This week has flown by and I was able to read three books that were able to go from totally amazing to a bit disappointing. Some held me within the grip of their pages while another made me wonder why I was not enjoying it more. As always though, I am in awe of those who place words upon a blank page and create illusions in my mind.
So let’s start with my one and only five star book this week.
I just knew reading the first one hundred pages of this brilliant book that I would be in reader’s nirvana. Reading The Labyrinth of Spirits, not only brought this wonderful series written by Carlos Ruiz Zafron to an end, it also provided me with countless hours of intrigue, suspense, a an overwhelming feeling of the magical, the serious. and the terror of living in a world controlled by a dictator. Going back for the last time to the Cemetery of Lost Books was an experience I was long looking forward to and I was not by the end of this eight hundred page page the least disappointed. From my review: This book is at times mystical, there is always present that layer of corruption, that mist inspired look into Barcelona that pushes you forward into a complicated, intricate plot that holds one in as the over eight hundred pages are read. The scenes keep coming at you, holding you enthralled and the dialogue so often witty and humorous, propels you into an affinity with the characters. This one is not to be missed. It is the definition of a true masterpiece.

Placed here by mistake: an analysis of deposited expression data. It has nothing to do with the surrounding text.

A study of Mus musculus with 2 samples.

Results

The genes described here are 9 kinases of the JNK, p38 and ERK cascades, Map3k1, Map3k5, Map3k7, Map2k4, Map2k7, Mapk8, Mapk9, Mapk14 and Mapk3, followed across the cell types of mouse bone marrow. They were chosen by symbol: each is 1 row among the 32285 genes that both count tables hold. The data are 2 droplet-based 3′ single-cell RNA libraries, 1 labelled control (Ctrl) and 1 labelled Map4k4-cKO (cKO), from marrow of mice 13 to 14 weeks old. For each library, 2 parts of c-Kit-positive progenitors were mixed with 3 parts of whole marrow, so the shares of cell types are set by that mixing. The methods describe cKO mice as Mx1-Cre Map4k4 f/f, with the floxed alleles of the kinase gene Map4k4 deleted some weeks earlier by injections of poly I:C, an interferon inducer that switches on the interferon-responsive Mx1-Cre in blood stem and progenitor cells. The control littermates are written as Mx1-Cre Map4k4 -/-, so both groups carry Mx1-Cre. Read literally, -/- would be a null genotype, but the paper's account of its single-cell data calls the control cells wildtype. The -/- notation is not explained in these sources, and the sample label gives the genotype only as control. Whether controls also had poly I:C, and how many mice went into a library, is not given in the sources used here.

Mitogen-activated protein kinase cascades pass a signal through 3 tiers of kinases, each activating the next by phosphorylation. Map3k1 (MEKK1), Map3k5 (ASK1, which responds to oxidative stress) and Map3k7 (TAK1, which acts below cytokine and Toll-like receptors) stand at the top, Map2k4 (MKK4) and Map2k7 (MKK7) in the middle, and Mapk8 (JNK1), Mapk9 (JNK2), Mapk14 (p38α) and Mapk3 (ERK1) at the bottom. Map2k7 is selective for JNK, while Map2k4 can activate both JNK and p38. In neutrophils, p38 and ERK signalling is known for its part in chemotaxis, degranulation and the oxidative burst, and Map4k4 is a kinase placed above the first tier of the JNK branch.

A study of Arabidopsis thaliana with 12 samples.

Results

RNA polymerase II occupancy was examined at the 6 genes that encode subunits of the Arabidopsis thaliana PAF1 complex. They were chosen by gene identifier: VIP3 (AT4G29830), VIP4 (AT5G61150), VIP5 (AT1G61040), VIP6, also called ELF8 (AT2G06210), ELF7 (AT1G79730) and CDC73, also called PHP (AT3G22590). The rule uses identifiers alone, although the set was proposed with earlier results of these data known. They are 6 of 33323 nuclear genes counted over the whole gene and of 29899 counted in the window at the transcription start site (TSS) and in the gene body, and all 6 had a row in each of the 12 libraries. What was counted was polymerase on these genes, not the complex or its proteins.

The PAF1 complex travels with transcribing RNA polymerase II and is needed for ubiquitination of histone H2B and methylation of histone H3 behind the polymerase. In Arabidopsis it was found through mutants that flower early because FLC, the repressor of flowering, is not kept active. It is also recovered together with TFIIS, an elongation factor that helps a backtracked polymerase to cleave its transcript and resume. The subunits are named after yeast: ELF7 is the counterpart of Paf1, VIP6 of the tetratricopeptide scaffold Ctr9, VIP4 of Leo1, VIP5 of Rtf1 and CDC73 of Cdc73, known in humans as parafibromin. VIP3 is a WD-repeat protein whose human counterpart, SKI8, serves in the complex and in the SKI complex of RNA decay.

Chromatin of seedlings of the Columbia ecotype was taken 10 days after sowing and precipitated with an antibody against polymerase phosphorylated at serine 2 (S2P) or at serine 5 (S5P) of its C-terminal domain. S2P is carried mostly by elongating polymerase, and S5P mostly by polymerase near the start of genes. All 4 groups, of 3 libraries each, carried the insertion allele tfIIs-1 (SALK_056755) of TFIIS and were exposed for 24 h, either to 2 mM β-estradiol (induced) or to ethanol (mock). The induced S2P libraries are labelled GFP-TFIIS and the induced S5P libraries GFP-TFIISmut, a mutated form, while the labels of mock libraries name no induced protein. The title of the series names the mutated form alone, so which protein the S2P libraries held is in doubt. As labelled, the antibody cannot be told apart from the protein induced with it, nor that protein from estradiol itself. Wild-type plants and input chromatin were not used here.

In Becoming Mrs Lewis, I was able to find out much that I did not know about both C.S. Lewis, whose name was Clive Staples Lewis (something I never knew) as well as the woman he finally fell in love with Joy Davidman, who herself was a poetess. He was also a great friend of J.R.R. Tolkien whose books have been read and made into Hollywood movies a number of times. Besides learning a lot, this book was able to let me see inside a complicated, loving relationship that so hinged on a belief in Christianity from these two former atheists. From my review: In Becoming Mrs. Lewis, Patti Callahan explores the love story between C. S. Lewis, a well known older author living in England, and Joy Davidman, a young poet, mother, who was trapped in a marriage to an alcoholic and philanderer. She writes to C.S. Lewis and over time through their letters finds herself falling deeply in love with Lewis’s words which represent the man he is. Both Joy and Lewis were former atheists, but found religion and god to be a solace.
Unfortunately, my next book did not work for me. In The Dream Daughter, I met my aversion to time travel themes head on. I find it very hard in this particular story vein to suspend my belief patterns. I know it has been a hang up with me for quite some time and of course I was so hoping that this book would break the mold I have myself in. Unfortunately, it was not to be. From my review: Sometimes no matter how hard you try you really can’t like something you thought you would. It’s disappointing as you try to figure out just what it was that went wrong. Such is my feeling with the book The Dream Daughter.
There they are, my books of the week. I am hoping that my dear book friends had lots of moments spent with books that fulfilled their love of reading with a good dose of excellent books.